The Groundbreaking Superhero Horror Of New Mutants: The Demon Bear Saga

Written by Chris Claremont. Art by Bill Sienkiewicz. Coloured by Glynis Wein. Lettered by Tom Orzechowski. Published by Marvel Comics.

It feels like an odd dream, but the long-delayed New Mutants movie is finally coming to cinemas this week. Whether it was worth the wait is yet to be seen. There’s one thing for sure, the story that the movie inspired by is excellent. So let’s dive into it. Let’s dive the teen superhero horror that is New Mutants: The Demon Bear Saga.

Don’t worry if you’re not familiar with this X-Men spin-off. Writer Chris Claremont has a famously exposition-heavy writing style, which gets readers up to speed with the characters, their powers, and the plot elements. It’s an old-school approach, but it’s understandable in this 1984 tale. Newsstand distribution was still prevalent and meant the casual reader could pick-up the latest issue and not be completely lost. In 2020, this works to the advantage of anyone coming into the series cold.

New Mutants: Demon Bear TPB cover by Bill Sienkiewicz.
New Mutants: Demon Bear TPB cover by Bill Sienkiewicz.

The prior seventeen issues of New Mutants were of teen hero variety. With The Demon Bear Saga, Chris Claremont got to flex his genre muscles and delve into horror. To make this genre distinction, artist Bill Sienkiewicz, who was hot off Moon Knight, was brought on board.

Up until that point, it was rare for Marvel to match an artist to a genre in that way they did with Sienkiewicz and this story. Marvel had a house style that was strictly enforced by editor-in-chief Jim Shooter so the majority of comics had a similar look and feel. With Sienkiewicz on board, The Demon Bear Saga feels like a horror comic first and a superhero comic second.

New Mutants #18 cover by Bill Sienkiewicz.
New Mutants #18 cover by Bill Sienkiewicz.

The covers for this story are the first clue that this is going to be different. They’re a stark contrast in tone and style from the ones that come before it. Instead of the usual pencil and ink, Sienkiewicz painted covers are dark, brooding, and more abstract in the way he depicts the characters. You can tell that this is not going to be your usual superhero fare.

New Mutants #18, page 1 by Bill Sienkiewicz and Glynis Wein.
New Mutants #18, page 1 by Bill Sienkiewicz and Glynis Wein.

Check out the opening page if you need more confirmation of this. We see one of the Dani Moonstar hiding under her blankets. The blankets are conventional at first, but as we move our eyes down the page the pattern becomes the face of a bear. The linework is scratchy and has a heavy use of ink. Glynis Wein drenches the image in a deep red to amplify the terror. Claremont then tops it all off with minimal dialogue, but just enough to get your mind thinking about the horrors that await.

New Mutants #18 page by Bill Sienkiewicz and Glynis Wein.
New Mutants #18 page by Bill Sienkiewicz and Glynis Wein.

The comic goes onto focus on Dani Moonstar (aka Mirage), who is being stalked by a demonic bear. At first, it haunts her in her dreams but then transitions into real life. When she confronts it, it leaves her with serious injuries and while she clings to life in the hospital the rest of the New Mutants try to stop it before it can get to Dani.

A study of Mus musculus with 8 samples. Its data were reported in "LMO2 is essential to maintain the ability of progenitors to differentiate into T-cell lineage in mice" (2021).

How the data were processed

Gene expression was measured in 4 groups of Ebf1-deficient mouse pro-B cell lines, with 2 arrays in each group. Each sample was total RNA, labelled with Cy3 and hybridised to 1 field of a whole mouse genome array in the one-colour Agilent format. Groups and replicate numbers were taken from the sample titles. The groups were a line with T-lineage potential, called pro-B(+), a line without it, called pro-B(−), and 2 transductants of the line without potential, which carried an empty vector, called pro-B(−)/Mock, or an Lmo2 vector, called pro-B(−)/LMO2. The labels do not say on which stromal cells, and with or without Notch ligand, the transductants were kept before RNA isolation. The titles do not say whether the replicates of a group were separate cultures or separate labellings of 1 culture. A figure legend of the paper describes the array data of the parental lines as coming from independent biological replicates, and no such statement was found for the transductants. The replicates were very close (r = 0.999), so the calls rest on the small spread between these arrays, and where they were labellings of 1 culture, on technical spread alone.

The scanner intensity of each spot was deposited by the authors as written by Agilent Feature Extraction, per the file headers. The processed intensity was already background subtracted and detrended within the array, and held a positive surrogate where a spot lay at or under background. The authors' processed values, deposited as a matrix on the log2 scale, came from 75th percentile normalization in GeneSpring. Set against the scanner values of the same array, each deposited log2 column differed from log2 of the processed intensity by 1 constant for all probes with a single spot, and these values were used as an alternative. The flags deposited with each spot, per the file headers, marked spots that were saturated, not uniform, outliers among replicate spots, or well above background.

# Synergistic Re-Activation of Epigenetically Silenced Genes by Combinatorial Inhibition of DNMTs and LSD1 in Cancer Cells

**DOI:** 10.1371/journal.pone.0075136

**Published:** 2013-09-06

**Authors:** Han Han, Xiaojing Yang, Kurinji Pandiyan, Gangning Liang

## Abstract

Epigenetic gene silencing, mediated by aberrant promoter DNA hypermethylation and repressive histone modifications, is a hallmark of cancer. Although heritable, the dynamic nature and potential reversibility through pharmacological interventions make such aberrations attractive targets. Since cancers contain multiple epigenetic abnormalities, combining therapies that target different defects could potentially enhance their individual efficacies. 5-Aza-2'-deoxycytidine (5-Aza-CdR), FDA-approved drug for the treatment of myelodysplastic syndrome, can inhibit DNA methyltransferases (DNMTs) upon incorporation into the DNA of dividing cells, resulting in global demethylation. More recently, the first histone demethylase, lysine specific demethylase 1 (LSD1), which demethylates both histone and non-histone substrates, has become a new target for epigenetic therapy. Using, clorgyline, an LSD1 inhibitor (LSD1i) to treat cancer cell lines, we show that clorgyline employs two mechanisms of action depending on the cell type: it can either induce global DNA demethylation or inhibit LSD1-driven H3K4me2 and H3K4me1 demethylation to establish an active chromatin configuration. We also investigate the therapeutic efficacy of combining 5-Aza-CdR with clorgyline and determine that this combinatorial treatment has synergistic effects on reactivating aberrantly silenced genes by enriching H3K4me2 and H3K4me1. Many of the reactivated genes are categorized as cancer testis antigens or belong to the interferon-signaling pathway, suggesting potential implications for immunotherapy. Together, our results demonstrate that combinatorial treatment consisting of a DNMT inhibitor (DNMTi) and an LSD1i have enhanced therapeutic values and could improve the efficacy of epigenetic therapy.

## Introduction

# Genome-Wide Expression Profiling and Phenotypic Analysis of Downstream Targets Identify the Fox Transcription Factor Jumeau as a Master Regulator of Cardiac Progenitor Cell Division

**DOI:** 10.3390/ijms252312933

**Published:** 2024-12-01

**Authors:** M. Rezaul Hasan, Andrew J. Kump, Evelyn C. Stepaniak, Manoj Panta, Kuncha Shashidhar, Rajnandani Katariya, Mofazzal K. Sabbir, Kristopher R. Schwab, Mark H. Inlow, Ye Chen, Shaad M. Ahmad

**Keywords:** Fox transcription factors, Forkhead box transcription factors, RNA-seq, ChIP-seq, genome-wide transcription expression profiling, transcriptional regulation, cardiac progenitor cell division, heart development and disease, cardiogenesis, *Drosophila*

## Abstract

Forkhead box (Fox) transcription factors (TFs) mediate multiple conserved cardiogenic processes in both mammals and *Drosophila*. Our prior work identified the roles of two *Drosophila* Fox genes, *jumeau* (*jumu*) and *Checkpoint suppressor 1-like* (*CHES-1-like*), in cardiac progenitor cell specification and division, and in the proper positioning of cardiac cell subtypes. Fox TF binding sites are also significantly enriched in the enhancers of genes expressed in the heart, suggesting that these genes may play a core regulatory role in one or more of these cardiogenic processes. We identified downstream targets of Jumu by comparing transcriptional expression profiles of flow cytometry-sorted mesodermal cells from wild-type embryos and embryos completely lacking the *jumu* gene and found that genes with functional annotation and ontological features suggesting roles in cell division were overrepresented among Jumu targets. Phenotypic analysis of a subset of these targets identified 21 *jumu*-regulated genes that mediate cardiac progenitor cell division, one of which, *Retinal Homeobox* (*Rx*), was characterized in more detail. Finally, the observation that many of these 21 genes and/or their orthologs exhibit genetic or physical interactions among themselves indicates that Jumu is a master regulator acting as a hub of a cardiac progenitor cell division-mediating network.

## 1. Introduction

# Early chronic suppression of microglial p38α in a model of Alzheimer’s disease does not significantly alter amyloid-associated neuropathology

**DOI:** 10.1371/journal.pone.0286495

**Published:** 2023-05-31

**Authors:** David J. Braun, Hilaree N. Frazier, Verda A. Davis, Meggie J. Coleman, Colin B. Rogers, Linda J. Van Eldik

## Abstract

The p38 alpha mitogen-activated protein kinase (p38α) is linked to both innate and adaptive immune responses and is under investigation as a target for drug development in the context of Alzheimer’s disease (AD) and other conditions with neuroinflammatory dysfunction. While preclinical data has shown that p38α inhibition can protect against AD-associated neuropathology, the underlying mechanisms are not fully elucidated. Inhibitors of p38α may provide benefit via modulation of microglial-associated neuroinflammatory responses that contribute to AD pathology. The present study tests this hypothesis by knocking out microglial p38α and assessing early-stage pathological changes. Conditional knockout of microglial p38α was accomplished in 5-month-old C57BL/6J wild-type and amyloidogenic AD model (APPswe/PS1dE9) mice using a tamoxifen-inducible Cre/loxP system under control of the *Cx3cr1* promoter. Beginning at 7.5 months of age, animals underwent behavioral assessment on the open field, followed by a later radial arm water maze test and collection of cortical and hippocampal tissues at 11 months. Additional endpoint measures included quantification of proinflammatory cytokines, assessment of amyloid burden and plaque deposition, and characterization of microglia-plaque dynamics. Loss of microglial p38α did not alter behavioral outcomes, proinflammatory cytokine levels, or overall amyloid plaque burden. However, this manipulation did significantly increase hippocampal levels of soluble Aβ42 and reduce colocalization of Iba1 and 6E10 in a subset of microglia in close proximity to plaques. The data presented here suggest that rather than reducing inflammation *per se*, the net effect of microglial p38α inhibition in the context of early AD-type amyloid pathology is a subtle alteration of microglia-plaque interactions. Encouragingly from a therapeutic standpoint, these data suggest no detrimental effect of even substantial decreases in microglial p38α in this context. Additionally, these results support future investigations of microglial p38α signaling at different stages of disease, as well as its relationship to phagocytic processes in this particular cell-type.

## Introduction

As the story progress, Sienkiewicz’s art gets increasingly abstract. The bear’s appearance morphs, living up to the demon part of its name, with a mess of sharp teeth, elongated claws, and an overwhelming side. Bears can be scary on their own but the demonic elements take it to another level.

New Mutants #20 page by Bill Sienkiewicz and Glynis Wein.
New Mutants #20 page by Bill Sienkiewicz and Glynis Wein.

When the horror is in full swing the pages become more abstract. The page layouts become chaotic. Panel borders go from being the conventional rectangles to being lopsided, with rough edges, and overlapping each other. That sounds like it could be hard to read, but they’re laid in a way that moves your eyes around the page in the right direction.

With Claremont at the helm, the X-Men was essentially a soap opera. New Mutants was no different, with the cast of teen’s character-driven stories evolving through this story. We get crushes, bubbling mistrust, characters learning to handle their abilities, and friendship in the time of hardship. Even if this is your first time reading New Mutants these character beats are prevalent enough that you’re invested in them when they’re faced with danger.

When reading The Demon Bear Saga, you’ll notice some scenes that seem disjointed from the main story. This is the soap opera structure at play again and they set up futures stories down the track. In the most notable instance, the comic introduces readers to mainstay character Warlock.

New Mutants: The Demon Bear Saga is a groundbreaking comic that still fresh in 2020. Marrying horror, superheroes, and teen drama together, we have a story that visually frightening, experimental yet accessible, and character-driven. Whether you think it’s okay to go to the cinema in the middle of a pandemic or not, you’re much better off reading this classic.

The Demon Bear Saga ran through New Mutants (1983 series) #18-20 and is collected in New Mutants Epic Collection: The Demon Bear Saga or New Mutants: Demon Bear. You can find these at all good comic book storesonline storeseBay, and digitally.